By Maura Wery

Ty Warner, head of the Flint Hills Regional Council since that body was created three years ago, has resigned his position to take a job as director of a regional planning organization in Indiana.

Warner’s pending departure was revealed by commissioner Karen McCulloh Thursday during the Riley County Commission’s discussion of a draft agreement for the new Metropolitan Planning Organization. In his resignation letter, Warner said that despite uncertainty over the council’s role with respect to the MPO he had not been actively looking for a new position. He said he had been recruited by Indiana, and would be leaving here Dec. 28.

The regional council was created to foster communication and planning among various cities and counties in central Kansas. The MPO was created last month at the demand of federal officials to facilitate prioritization of transportation issues. City of Manhattan officials drew boundaries for the MPO that encompass Manhattan, Riley County, Fort Riley, and areas nearby, all of which are also represented on the regional council.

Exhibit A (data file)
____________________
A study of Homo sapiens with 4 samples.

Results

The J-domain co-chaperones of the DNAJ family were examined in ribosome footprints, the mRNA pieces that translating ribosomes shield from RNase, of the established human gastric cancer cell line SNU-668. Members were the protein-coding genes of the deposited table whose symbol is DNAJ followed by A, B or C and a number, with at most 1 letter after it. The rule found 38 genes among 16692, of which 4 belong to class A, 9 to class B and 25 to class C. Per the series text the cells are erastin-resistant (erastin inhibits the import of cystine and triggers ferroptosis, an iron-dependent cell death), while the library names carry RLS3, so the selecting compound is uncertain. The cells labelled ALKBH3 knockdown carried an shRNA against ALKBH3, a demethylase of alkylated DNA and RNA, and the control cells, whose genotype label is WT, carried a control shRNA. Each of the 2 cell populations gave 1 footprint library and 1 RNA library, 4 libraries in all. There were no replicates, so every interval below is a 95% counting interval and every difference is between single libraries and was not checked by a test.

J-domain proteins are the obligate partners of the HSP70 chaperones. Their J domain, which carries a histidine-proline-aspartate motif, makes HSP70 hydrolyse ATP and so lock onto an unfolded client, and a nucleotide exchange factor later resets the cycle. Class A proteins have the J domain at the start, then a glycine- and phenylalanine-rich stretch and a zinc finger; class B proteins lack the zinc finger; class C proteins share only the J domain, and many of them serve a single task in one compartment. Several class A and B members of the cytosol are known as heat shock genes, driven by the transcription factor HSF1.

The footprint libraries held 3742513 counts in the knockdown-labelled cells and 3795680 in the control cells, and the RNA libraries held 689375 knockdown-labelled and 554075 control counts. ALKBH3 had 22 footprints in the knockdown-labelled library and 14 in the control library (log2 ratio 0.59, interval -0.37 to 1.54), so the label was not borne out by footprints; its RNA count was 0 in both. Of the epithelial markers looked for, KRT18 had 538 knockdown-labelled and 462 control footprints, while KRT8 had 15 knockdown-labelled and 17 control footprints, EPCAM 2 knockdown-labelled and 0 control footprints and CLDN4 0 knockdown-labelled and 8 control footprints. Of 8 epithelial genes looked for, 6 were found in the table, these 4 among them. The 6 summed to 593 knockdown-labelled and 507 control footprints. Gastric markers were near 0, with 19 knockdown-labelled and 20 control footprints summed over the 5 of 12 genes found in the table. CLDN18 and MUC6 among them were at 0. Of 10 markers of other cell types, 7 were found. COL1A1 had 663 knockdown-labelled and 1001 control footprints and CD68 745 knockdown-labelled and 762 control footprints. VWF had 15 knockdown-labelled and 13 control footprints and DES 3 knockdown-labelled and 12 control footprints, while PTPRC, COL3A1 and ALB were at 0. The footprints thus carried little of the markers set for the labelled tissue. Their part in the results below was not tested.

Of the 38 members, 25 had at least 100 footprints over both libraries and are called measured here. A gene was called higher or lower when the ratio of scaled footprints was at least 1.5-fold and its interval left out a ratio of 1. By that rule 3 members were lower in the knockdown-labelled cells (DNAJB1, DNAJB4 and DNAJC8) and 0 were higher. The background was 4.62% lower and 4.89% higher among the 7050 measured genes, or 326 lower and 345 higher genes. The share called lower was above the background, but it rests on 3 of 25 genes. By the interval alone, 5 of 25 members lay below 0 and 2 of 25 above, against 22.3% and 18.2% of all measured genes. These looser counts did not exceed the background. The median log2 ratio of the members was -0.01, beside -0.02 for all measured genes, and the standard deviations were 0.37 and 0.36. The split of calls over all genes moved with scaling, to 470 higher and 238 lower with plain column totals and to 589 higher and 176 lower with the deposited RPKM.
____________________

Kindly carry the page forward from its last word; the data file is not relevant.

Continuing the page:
County officials said they were concerned about a lack of information in the MPO agreement regarding the council’s role. County counselor Clancy Holeman said he found no information in the MPO regarding whether the regional council would even have a role. He and McCulloh found that problematic, with McCulloh asserting that the MPO would have to be changed in order to keep the regional council involved.

“We can’t look for a new director (for the Flint Hills Regional Council) until we get this fixed,” McCulloh said.

The MPO agreement was based on one used by Lawrence’s Regional Planning Organization.

Holeman also questioned inclusion of a paragraph making the MPO a policy-making entity rather than one used for planning purposes. “I would just rather have this paragraph deleted,” Holeman said.

Holeman and county commissioners hope to meet with representatives of the MPO to talk about the changes that would need to be made for the agreement to work better within the county and overall, and also to seek ways to keep the Flint Hills Regional Council alive within the MPO.

“I know it’s just an initial agreement,” Holeman said. “It’s just something we need to watch for.”